Duolingo—a double-edged sword

Weighing the pros and cons of Duolingo, where learning languages is made easy and accessible.


When attempting to start learning a new language, many youngsters tend to look toward Duolingo. For the uninitiated, Duolingo is an online language learning service available through its website in addition to its mobile app. Though not exactly a new product, its popularity has certainly skyrocketed in the past few years. What is so great about it then? Are there any faults?

Like many apps nowadays, Duolingo operates on a freemium model, meaning that a basic free version coexists with an optional paid package. For the sake of students’ accessibility, all features discussed here will be referring to the free version only. Thankfully, the free version already serves its purpose effectively enough.

Duolingo currently offers 106 different language courses in 40 languages. Among them include Japanese, Spanish, German, Korean alongside many more. Rest assured that you’ll find the mainstream languages you wish to learn.

Unlike the seemingly overwhelming traditional methods such as textbooks, Duolingo sets itself apart by teaching using simple short exercises that take up only a few minutes at a time, allowing users to conveniently absorb information in between busy day-to-day activities such as studying or doing homework. Moreover, by sending out push notifications frequently, Duolingo can make sure that even the most scatterbrained users remember to practice regularly. To provide extra incentive, Duolingo’s daily streak and leaderboard system also reward users with a sense of accomplishment, keeping them coming back for more each time.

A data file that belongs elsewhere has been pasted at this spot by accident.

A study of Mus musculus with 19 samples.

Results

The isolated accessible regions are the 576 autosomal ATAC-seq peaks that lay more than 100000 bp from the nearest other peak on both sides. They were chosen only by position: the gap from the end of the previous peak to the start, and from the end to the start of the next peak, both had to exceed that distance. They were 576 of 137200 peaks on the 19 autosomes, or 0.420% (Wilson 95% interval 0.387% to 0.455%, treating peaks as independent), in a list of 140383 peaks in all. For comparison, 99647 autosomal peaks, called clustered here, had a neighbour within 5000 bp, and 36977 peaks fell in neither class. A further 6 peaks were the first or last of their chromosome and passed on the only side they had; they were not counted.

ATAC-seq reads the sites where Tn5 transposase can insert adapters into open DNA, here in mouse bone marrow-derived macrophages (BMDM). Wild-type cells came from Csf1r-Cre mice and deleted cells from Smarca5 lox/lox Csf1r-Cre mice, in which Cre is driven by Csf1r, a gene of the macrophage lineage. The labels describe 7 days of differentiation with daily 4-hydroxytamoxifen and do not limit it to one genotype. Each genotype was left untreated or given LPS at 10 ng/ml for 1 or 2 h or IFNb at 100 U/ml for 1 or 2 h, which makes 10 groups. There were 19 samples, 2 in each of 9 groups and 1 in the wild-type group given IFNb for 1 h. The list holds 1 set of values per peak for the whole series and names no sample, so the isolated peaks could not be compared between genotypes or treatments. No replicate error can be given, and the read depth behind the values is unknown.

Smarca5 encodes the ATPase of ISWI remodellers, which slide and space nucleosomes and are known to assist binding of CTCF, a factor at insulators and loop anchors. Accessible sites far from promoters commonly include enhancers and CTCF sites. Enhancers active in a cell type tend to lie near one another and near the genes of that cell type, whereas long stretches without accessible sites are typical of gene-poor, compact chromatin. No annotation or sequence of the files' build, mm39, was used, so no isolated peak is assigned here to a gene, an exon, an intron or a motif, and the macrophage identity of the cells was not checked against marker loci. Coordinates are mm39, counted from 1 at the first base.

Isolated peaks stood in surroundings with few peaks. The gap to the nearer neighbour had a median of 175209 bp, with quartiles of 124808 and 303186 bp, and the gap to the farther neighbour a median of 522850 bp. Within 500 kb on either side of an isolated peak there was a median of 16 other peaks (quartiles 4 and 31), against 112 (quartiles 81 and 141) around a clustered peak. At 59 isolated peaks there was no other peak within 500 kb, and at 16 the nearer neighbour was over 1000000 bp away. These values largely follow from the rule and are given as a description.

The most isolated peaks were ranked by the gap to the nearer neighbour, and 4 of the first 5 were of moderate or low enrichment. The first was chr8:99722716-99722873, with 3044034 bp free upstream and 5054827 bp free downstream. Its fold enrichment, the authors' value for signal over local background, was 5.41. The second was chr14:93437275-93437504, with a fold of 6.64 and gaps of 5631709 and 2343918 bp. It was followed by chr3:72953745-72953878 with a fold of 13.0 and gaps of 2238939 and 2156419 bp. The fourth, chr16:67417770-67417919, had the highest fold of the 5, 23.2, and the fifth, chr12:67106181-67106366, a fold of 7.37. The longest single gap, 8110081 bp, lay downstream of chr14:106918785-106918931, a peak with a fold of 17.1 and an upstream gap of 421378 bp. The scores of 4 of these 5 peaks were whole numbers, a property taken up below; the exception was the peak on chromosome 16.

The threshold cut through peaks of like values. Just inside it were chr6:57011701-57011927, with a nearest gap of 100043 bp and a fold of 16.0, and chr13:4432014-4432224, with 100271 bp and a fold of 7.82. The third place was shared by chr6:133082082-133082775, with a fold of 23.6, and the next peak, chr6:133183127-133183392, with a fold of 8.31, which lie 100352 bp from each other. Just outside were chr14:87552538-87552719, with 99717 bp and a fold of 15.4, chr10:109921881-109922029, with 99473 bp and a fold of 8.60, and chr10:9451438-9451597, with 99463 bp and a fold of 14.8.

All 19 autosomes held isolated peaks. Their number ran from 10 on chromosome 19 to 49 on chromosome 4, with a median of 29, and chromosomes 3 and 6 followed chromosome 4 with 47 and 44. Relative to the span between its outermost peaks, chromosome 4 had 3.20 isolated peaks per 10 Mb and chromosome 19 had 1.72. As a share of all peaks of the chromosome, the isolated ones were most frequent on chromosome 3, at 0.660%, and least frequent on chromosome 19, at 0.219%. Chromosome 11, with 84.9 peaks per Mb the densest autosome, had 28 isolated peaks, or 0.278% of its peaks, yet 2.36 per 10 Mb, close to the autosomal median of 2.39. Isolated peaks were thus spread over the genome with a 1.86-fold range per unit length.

Teaching method & content
Through listening and textual translation exercises, Duolingo mainly focuses on teaching pronunciation, basic vocabulary and sentence structure. This can be both beneficial and detrimental in different ways to the target audience—beginners. On one hand, this makes it a resourceful tool for practicing basic phrases and words; on the other hand, it tends to train pattern recognition rather than a nuanced understanding of grammar. Here are where most of Duolingo’s downfalls lie. For example, in its Japanese courses, little to no explanation is given regarding the conjugation of verbs into their various forms, no doubt causing confusion for newbies, whereas almost every single grammar book teaches these rules early on. However, credit where credit is due, Duolingo does do a good job at teaching pronunciation. Yet again taking the same example of Japanese, the repetition of hearing the same voice lines over and over again as you complete your exercises does indeed ingrain the concept of correct pitch accent into a beginner’s mind, something a textbook could never hope to accomplish.

In a nutshell, whether or not you should use Duolingo depends on what you plan on using it for. Simply put, Duolingo is more of a supplementary practice tool to be used simultaneously with other traditional forms of language learning than something meant to be used alone to completely learn a language from scratch. Nevertheless, it is worth considering as long as you are willing to put in the extra effort to study beyond what Duolingo itself covers.